Oakland Housing cops play pickup basketball game with neighborhood kids

The tension between police and minority communities is undoubtedly palpable with documented police shootings of black men spreading on social media and the sniper shootings of officers in Dallas and Baton Rouge.

But what happens when police and communities of color come together? That’s something special that happened in the backyard of a home in the heart of East Oakland when police played a pickup basketball game with some neighborhood kids.

KTVU’s Henry Lee says it started after one of the kids asked the officers if they’d be interested in playing ball.
15-year-old Malik McFarlane who loves playing basketball, saw a group of Oakland Housing Authority police officers outside his home. He issued them with the challenge.

“I just asked them if they played,” said Malik.

“Of course the officers jumped at that opportunity, said Carel Duplessis, Oakland Housing Authority Police Chief.

The video of them playing together in the kids’ grandmother’s backyard ended up on Facebook.

“I was trying to beat them, that’s it,” said 16-year-old Lee Hemmingway.

Malik said the officers lost “horribly bad”.

KTVU caught up with Malik, his cousin Lee and the officers for a rematch.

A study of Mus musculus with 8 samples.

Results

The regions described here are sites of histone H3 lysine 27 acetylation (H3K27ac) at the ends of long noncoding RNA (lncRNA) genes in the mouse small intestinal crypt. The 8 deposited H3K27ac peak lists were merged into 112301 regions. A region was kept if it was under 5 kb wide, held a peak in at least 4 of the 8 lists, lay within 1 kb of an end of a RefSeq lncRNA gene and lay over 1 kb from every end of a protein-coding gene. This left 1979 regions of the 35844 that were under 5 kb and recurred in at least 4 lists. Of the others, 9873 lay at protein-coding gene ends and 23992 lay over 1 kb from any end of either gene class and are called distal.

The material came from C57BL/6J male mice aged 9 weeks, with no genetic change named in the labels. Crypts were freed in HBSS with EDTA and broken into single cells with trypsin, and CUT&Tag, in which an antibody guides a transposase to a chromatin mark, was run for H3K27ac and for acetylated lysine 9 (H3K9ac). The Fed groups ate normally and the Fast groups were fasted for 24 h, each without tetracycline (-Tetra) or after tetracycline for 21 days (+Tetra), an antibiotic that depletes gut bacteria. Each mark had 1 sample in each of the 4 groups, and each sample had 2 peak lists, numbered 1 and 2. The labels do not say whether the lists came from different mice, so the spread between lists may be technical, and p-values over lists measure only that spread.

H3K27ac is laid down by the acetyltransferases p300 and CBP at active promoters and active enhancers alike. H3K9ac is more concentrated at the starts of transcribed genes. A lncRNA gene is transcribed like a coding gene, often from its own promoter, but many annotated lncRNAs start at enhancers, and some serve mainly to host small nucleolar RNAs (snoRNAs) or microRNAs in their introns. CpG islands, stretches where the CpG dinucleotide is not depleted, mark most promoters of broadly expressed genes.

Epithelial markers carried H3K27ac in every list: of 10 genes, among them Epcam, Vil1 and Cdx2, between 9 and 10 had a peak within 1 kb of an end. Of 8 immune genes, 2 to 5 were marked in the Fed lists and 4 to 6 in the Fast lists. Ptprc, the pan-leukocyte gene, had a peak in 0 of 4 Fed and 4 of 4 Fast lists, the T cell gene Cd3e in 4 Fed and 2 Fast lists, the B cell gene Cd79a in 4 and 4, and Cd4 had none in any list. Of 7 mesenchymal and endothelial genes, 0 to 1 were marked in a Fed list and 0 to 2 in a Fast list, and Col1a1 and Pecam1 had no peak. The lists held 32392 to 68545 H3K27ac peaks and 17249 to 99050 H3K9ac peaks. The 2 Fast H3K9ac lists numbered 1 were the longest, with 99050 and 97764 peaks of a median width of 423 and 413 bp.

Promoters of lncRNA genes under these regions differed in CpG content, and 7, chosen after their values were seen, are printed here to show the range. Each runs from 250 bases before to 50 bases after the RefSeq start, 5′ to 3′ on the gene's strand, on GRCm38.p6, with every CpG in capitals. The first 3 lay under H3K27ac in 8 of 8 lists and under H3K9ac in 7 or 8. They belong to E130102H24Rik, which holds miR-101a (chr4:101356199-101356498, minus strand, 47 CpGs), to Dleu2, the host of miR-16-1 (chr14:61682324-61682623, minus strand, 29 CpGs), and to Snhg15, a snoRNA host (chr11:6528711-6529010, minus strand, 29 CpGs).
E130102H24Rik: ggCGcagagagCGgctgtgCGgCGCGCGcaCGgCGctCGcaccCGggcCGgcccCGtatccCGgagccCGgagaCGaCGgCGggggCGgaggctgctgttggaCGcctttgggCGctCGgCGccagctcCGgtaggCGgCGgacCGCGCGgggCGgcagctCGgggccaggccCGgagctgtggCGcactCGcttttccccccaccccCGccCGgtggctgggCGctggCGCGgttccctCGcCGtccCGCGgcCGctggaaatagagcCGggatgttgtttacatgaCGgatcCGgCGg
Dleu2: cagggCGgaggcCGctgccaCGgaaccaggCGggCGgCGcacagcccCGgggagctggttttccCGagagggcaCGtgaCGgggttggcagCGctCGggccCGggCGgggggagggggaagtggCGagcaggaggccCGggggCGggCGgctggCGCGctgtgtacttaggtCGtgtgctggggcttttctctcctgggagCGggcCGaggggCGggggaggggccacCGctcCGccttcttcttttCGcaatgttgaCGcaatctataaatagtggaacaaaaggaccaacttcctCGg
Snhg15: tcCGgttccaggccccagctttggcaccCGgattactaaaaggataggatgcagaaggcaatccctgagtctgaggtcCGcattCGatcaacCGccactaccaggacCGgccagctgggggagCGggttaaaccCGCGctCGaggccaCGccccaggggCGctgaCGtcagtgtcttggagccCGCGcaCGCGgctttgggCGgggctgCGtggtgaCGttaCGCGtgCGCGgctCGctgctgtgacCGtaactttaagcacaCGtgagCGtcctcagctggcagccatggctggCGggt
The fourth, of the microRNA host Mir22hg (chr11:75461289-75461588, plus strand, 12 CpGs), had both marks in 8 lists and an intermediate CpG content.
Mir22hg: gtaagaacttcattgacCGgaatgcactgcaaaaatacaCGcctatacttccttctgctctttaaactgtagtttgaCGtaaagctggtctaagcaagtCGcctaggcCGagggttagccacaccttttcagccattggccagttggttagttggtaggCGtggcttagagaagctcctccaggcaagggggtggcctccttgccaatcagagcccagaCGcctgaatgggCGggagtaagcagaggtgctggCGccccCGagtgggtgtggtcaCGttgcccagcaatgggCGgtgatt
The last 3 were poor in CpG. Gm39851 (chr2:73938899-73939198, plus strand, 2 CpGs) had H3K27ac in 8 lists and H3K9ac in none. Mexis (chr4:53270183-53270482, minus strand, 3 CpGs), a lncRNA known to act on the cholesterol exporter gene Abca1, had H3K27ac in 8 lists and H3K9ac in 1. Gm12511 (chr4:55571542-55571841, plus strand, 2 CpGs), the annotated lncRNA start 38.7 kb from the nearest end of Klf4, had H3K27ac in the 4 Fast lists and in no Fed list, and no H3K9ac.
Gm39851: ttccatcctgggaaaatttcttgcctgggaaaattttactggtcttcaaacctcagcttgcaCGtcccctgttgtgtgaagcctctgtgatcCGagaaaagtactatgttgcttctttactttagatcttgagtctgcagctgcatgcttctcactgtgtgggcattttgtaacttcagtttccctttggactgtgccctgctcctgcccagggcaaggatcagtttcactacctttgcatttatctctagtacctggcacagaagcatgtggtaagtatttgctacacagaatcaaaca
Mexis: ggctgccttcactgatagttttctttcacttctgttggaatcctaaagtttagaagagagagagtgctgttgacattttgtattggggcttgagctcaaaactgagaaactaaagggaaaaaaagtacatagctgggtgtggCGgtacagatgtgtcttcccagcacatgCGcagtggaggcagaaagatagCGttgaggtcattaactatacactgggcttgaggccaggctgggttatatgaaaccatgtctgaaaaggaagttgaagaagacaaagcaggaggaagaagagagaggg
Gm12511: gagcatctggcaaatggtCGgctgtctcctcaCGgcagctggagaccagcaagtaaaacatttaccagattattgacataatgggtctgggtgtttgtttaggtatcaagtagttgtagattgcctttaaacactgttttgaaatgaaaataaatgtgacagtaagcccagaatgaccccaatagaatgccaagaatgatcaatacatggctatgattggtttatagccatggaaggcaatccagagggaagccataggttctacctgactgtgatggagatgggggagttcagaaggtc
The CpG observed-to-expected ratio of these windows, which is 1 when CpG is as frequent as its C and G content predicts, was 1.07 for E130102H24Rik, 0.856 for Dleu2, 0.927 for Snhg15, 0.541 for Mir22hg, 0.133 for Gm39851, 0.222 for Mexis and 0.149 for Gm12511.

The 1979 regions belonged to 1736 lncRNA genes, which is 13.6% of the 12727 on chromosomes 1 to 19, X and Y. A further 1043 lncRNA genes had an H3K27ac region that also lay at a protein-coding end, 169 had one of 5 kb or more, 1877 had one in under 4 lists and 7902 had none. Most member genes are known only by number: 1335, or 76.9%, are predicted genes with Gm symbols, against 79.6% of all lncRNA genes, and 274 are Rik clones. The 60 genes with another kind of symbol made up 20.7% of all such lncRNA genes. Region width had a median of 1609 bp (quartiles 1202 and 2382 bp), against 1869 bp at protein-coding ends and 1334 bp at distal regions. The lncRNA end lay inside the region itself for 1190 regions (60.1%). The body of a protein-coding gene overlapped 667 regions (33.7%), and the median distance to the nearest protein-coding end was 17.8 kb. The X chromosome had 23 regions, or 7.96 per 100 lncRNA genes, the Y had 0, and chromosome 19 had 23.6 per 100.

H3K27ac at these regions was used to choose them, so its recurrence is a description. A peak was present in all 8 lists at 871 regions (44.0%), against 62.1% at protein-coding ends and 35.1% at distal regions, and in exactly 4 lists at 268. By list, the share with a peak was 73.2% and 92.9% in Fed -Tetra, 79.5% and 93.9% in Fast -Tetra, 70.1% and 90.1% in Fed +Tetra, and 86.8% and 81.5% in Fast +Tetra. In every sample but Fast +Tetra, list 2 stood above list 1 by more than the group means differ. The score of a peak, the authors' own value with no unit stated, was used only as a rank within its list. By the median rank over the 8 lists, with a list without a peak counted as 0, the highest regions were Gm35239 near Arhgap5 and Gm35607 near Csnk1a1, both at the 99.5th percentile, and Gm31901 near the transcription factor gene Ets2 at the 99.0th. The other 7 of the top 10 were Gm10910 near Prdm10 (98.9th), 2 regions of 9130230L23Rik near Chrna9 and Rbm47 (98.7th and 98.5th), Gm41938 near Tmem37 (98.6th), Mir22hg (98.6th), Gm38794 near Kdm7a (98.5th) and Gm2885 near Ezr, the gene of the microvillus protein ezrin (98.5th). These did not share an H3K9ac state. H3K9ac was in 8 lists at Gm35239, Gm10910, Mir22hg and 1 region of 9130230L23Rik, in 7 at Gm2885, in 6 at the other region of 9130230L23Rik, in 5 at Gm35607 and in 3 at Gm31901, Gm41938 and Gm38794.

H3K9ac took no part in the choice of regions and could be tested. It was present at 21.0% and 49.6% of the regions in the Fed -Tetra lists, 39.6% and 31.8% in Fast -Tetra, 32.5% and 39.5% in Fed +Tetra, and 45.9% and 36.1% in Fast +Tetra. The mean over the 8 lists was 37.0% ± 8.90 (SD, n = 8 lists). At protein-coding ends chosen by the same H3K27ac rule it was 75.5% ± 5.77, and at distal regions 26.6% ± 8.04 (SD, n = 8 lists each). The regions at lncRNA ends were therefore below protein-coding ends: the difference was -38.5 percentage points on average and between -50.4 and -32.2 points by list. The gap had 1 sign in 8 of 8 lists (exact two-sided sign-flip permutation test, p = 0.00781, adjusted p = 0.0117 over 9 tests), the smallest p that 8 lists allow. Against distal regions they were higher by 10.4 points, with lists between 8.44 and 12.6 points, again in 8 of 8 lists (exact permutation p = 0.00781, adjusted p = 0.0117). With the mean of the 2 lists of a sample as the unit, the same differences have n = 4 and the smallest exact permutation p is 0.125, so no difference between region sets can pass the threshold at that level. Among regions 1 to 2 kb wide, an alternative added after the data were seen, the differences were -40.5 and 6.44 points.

Police officers with the Housing Authority said they do this kind of thing quite often without much attention from the public.

“I’m not surprised at all that the officers went in the back and played with the kids. I am also not surprised that as a result of the play that the officers actually lost to the kids,” Duplessis said.

The kids and cops say they’ve built solid relationships with each other through hoops. They say this is especially important now with recent tensions across the nation over killings of and by police.

“Later on they can remember back in the day when we played ball or whatnot and be like, ‘Hey, you know what? Those were cool cops’,” said officer Brauli Rodriguez

Lee said it was a good move on the cops’ part and that “more officers should probably do that”.
And more officers did do just that. Officer Phillip Chow worked up a sweat and showed off some fancy moves.

“This is about having fun and interacting with the community, to show that we’re normal people and I need to work on my basketball skills,” said Officer Chow.